NEWPORT, Ore. — ODFW will delay the opening of fall razor clam harvest along the Clatsop beaches from the traditional date of Oct. 1 to Nov. 1 at the earliest, to allow time to collect public feedback on management options in light of a recent stock assessment
Extension of the annual conservation closure only applies to Clatsop County beaches, and prohibits all harvest of razor clams (both recreational and commercial) along the 18 mile stretch of beach from Tillamook Head (Seaside) to the mouth of the Columbia River, until the closure is lifted.
ODFW recently completed the annual stock assessment survey for razor clams along the Clatsop beaches. The survey found that most clams are too small to be harvested by commercial clammers or desired by recreational clammers.
“Razor clams are moderately abundant on Clatsop beaches this fall, but the population is currently dominated by small clams with shell lengths between 2-3 inches,” said ODFW Shellfish Biologist Matt Hunter. “Recreational clammers typically try to avoid these small clams, and they are smaller than the 3 ¾” minimum size allowed for commercial harvest.”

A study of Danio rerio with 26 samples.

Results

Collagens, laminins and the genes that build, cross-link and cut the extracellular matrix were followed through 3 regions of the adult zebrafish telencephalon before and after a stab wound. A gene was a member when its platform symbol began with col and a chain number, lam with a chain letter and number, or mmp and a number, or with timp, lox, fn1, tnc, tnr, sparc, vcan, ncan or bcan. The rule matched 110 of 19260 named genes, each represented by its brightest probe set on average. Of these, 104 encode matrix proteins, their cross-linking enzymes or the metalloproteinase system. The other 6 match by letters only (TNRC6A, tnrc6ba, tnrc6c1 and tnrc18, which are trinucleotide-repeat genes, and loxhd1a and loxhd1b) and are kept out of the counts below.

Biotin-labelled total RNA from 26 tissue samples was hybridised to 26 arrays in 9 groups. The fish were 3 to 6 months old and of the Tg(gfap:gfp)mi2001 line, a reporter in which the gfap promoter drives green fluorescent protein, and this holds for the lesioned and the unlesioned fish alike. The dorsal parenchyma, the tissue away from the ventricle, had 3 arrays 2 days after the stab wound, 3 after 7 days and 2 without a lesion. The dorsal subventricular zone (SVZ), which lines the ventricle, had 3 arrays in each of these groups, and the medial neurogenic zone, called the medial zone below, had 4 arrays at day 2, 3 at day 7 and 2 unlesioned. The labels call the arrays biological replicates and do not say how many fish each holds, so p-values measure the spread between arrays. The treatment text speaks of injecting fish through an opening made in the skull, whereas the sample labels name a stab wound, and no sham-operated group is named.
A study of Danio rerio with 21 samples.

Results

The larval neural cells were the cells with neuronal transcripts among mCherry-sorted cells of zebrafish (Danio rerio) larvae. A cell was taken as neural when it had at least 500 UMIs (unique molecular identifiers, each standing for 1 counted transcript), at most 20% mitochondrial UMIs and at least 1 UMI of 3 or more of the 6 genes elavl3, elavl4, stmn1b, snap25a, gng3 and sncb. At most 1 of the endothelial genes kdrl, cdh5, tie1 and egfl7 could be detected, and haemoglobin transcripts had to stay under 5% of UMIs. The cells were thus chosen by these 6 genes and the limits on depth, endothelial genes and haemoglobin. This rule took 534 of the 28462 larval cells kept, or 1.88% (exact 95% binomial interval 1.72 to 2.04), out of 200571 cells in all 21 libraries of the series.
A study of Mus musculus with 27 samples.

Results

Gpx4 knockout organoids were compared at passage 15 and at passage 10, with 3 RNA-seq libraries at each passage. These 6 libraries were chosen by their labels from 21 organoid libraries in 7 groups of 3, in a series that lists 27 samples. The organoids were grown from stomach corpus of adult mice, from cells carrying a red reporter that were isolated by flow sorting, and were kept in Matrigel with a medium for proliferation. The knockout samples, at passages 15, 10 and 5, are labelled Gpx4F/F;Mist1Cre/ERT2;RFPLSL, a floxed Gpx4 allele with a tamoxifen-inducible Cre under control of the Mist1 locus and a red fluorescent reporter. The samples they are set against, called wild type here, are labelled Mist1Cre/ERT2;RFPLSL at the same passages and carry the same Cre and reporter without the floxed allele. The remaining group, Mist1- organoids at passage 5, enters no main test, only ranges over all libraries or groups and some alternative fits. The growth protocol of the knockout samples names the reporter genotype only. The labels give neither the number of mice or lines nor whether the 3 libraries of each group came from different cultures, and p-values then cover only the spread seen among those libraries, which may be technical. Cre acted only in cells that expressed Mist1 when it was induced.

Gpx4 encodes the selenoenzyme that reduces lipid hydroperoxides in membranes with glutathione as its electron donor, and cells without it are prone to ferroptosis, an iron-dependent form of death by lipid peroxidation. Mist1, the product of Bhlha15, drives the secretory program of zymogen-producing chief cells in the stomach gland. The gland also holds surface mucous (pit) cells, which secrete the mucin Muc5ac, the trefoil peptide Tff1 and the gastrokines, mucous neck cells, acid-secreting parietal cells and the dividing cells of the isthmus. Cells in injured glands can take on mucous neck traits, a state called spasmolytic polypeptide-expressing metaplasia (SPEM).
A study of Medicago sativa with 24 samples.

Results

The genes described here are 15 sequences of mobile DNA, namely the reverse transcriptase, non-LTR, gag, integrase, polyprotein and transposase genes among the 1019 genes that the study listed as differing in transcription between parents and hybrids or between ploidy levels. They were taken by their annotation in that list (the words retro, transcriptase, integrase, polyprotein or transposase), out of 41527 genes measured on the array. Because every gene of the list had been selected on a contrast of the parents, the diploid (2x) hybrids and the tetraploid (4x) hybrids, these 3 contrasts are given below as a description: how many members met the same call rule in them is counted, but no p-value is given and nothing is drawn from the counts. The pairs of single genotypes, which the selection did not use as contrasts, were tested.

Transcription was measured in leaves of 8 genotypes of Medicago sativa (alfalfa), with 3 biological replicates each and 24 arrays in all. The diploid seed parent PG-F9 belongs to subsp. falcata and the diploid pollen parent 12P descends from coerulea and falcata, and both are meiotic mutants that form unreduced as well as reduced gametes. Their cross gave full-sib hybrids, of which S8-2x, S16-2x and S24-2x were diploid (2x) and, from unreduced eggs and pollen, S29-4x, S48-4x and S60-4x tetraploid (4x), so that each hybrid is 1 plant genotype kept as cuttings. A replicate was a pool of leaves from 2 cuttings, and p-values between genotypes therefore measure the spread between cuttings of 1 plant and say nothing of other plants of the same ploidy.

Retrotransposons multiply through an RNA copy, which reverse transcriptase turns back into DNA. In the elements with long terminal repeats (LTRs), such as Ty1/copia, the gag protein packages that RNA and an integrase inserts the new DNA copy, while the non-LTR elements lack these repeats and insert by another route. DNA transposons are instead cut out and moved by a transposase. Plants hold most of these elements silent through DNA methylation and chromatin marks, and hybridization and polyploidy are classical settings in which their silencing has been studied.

According to Hunter, domination of the razor clam population by small clams is far from normal. “In 2004, we also saw large numbers of small razor clams along Clatsop beaches, but they were more variable in size with a few medium and large clams,” he explained. “Right now, it is difficult to find any razor clams larger than 4 inches.”
During the month of October, ODFW staff will hold a public meeting to solicit feedback regarding potential management actions that may be taken to protect undersize clams and provide better clamming opportunities next spring. Options include extending the closure through the winter to give clams time to grow into a size suitable for harvest.
Recently, Washington Department of Fish and Wildlife delayed the traditional October razor clam digs on the Long Beach peninsula until late December due to similar concerns about the population and small size of clams. In Oregon, the population includes even fewer medium and large razor clams.
Most beaches along the Oregon coast are currently open for razor clamming. However, the south coast from the south jetty Umpqua River to the California border remains closed to razor clamming due to elevated marine biotoxins. Harvest of razor clams may be postponed at anytime due to elevated domoic acid or other marine biotoxins.
Bay clams and crab remain open for recreational harvesting along the entire Oregon coast. Mussels are open for recreational harvest along most of the Oregon coast, but harvest of mussels is closed from the south jetty of the Coquille River to the California border. For more information please call ODA’s shellfish safety information Hotline at (800) 448-2474 or visit the ODA Recreational Shellfish Biotoxin Closures webpage or ODFW’s Recreation Report – Crabbing and Clamming page.